The knowledge of sociolinguistic factors can be a remarkable component of competence in research article writing for learners’ successful handling of scholarly writing tasks in English for academic purposes (EAP) programs. This study aimed to present a model of Sociolinguistics Competence (SC) in writing EAP research articles. Give this, two stages were followed. Firstly, a meta-synthesis approach was adopted to investigate the available literature on various aspects of SC and extract the latent themes and concepts in the target model. As a result, two categories emerged from the combination of five concepts and 258 codes. Secondly, an introspective stage was followed to explore the perceptions of a sampled number of EAP Iranian researchers of features of research article writing sociolinguistic competence and their difficulties relevant to the sociolinguistic aspects of writing RAs. Data for this stage came from interviews with nine Iranian EAP researchers who have published in highly prestigious journals. Conducting thematic analysis in the introspective stage resulted in 118 codes and four subcategories. The interview findings confirmed the main categories obtained from the meta-synthesis. The combination of the findings of meta-synthesis and interviews yielded a reductionist yet inclusive account of EAP research article writing sociolinguistic competence.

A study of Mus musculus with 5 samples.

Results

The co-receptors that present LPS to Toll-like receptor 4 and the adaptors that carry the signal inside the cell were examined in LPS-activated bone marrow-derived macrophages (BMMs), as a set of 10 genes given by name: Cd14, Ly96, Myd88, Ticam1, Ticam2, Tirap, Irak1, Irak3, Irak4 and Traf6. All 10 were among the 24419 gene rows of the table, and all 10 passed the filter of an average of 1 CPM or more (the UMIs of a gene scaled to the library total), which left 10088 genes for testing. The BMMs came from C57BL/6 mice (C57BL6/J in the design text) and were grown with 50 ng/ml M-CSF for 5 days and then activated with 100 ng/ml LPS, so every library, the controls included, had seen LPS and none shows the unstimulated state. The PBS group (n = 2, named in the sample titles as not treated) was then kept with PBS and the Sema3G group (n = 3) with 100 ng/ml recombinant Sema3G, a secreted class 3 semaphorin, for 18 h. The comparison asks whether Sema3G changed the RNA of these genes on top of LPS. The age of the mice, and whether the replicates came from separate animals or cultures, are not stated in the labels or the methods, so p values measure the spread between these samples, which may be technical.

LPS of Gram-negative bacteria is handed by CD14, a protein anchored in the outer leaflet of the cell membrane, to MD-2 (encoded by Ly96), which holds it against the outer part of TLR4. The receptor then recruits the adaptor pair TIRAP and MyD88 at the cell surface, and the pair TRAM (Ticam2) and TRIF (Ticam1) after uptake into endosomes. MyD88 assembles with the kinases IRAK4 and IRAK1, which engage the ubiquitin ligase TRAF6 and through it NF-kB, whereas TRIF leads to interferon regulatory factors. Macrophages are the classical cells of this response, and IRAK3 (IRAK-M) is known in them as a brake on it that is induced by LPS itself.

Sociolinguistic Competence, English for Academic Purposes, Research Article, Research Article Writing Competence, Meta-Synthesis, Interview

Author Bio(s)

Dr. Reza Khany is an Associate Professor in Applied Linguistics in English Department of Ilam University. He is the head of English department in Ilam University. He has taught various EFL, ESP, and TEFL courses in BA, MA, and Ph.D. educational degrees. His interests include pragmatics, corpus linguistics, second language writing, sociolinguistics, and structural equation modeling approach. He had presented and published many research papers in various areas of research. Correspondence regarding this article can be addressed directly to: r.khany@ilam.ac.ir.

Dr. Saeedeh Mohammadi has Ph.D. in Applied Linguistics. She got her BA in English translation from Zanjan University and her MA in TEFL from Guilan University. She is now teaching different courses in Zanjan Farhangian University. She is also an EFL teacher in Education Office. She is interested in the areas of corpus analysis, discourse analysis, sociolinguistics, second language acquisition, academic writing and publishing, and pragmatics. She has conducted different studies in related areas. Correspondence regarding this article can also be addressed directly to: S.Mohammadi.TEFL@gmail.com.